The Stay Away campaign to deter nuisance tourists from Britain visiting Amsterdam has not yet “lead to a direct decrease in the city’s attractiveness to party tourists,” city officials say.
The videos, in which tourists coming to the city for a “messy time” end up in police custody or in hospital, have been shown to young men aged 18 to 35 3.3 million times since the launch in March, according to the Parool.
The aim was to take a stand against nuisance tourism and irresponsible growth. “Visitors are still welcome, but not if they misbehave and cause nuisance,” economic affairs chief Sofyan Mbarki said at the time.
But while a majority of the target group are “more aware” of the rules and the way they should behave in the city centre, “they cannot actually state what the new limits are,” mayor Femke Halsema and Mbarki told councillors in a briefing.
In addition, “many of them are unaware of the ban on drinking and smoking cannabis in the street, the earlier closing times for bars, the ban on sleeping in cars and the ban on public urination.”
Furthermore, they say, Amsterdam still has a high level of attractiveness among the target group – among both those who have and have not seen the campaign, the briefing said. “Party tourists still see Amsterdam as the city where anything goes… and this remains a strong motivation to visit.”
The city’s marketing department will now look to see if the campaign message can be made more specific for this target audience. In addition, the campaign is being widened to tackle party tourists from other EU countries and from the Netherlands itself.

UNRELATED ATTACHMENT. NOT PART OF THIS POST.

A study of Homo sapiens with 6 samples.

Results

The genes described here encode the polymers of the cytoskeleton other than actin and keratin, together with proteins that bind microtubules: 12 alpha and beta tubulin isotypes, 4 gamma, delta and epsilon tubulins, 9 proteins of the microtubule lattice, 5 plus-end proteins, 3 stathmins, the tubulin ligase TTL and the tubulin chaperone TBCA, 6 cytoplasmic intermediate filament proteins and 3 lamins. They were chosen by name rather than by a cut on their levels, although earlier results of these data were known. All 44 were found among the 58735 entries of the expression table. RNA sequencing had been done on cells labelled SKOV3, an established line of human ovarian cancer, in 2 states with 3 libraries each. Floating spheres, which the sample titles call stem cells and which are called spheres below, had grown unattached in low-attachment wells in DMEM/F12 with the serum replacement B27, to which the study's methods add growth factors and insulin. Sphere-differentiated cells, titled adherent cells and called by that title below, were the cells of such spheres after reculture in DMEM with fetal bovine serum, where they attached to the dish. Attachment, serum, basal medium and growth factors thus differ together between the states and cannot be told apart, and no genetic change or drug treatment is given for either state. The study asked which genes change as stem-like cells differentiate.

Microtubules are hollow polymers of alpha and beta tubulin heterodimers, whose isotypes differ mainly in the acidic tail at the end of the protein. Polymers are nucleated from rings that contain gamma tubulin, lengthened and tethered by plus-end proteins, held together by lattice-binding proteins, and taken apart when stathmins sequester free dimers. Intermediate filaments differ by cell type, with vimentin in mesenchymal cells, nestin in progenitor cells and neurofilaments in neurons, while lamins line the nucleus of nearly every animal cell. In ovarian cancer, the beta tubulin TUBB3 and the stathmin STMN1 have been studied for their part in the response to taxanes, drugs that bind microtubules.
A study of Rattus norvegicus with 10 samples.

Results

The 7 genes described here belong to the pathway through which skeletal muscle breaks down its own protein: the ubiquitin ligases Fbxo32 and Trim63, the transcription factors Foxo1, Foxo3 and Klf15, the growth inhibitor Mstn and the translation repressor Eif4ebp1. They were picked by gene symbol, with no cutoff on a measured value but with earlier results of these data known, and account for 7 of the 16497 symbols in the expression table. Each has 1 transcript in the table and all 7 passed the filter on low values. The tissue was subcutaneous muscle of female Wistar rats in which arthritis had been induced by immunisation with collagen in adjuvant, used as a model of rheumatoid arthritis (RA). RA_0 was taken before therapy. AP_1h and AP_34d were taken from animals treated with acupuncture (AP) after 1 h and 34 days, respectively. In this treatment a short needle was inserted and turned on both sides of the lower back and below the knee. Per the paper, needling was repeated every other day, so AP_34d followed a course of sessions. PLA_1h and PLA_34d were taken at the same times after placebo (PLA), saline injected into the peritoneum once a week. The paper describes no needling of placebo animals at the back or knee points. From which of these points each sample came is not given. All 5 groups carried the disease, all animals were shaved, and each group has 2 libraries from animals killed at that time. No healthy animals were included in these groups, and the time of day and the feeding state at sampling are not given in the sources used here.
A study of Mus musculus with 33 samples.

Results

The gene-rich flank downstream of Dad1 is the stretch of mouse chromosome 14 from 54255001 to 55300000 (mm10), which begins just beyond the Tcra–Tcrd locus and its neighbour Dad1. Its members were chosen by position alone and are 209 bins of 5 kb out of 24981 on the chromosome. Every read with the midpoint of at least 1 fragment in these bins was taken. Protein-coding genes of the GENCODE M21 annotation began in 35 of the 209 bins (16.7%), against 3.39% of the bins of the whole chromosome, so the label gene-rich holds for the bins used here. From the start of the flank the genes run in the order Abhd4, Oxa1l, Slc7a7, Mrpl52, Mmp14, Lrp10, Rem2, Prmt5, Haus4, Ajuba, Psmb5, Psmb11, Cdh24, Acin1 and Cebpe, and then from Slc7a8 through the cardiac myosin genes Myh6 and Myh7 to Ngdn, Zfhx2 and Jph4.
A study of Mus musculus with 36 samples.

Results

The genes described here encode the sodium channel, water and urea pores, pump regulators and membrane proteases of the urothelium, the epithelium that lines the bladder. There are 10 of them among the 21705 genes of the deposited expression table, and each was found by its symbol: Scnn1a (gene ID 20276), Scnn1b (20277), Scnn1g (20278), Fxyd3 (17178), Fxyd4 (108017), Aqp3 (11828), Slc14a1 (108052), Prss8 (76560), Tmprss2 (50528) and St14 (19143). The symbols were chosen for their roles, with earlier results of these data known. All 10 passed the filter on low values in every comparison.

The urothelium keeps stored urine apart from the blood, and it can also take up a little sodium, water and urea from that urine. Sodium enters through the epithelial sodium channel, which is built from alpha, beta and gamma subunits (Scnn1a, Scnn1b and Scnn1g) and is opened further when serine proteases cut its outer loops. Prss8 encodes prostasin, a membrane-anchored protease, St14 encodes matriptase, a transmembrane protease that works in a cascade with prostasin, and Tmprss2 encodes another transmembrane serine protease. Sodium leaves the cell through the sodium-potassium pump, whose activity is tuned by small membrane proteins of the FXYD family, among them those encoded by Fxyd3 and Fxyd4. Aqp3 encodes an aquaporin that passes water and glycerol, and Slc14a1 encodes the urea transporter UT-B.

A second campaign “Renew your view” will promote Amsterdam from “new and fresh perspectives” and highlight the city’s diversity. The PR programme will be spread abroad and in the Amsterdam region as a whole and start at the end of this month.
As well as the “Stay away” campaign, the city has introduced a set of measures, including earlier closing times for brothels and bars, a crackdown on alcohol sales in the red light district, and a ban on smoking cannabis in public. Nevertheless, tourist numbers are forecast to top 20 million this year.
Earlier this month travel industry analyst ForwardKeys said the number of flights to Amsterdam had fallen 22% this year, when compared with the pre-coronavirus year of 2019, and this was taken by some to show the campaign was working.
But the figures only include regular flights, not budget airlines such as Easyjet and Ryanair, which actually increased flights to some Dutch destinations. Nor did it take the impact of the flight cap and direct trains services into account.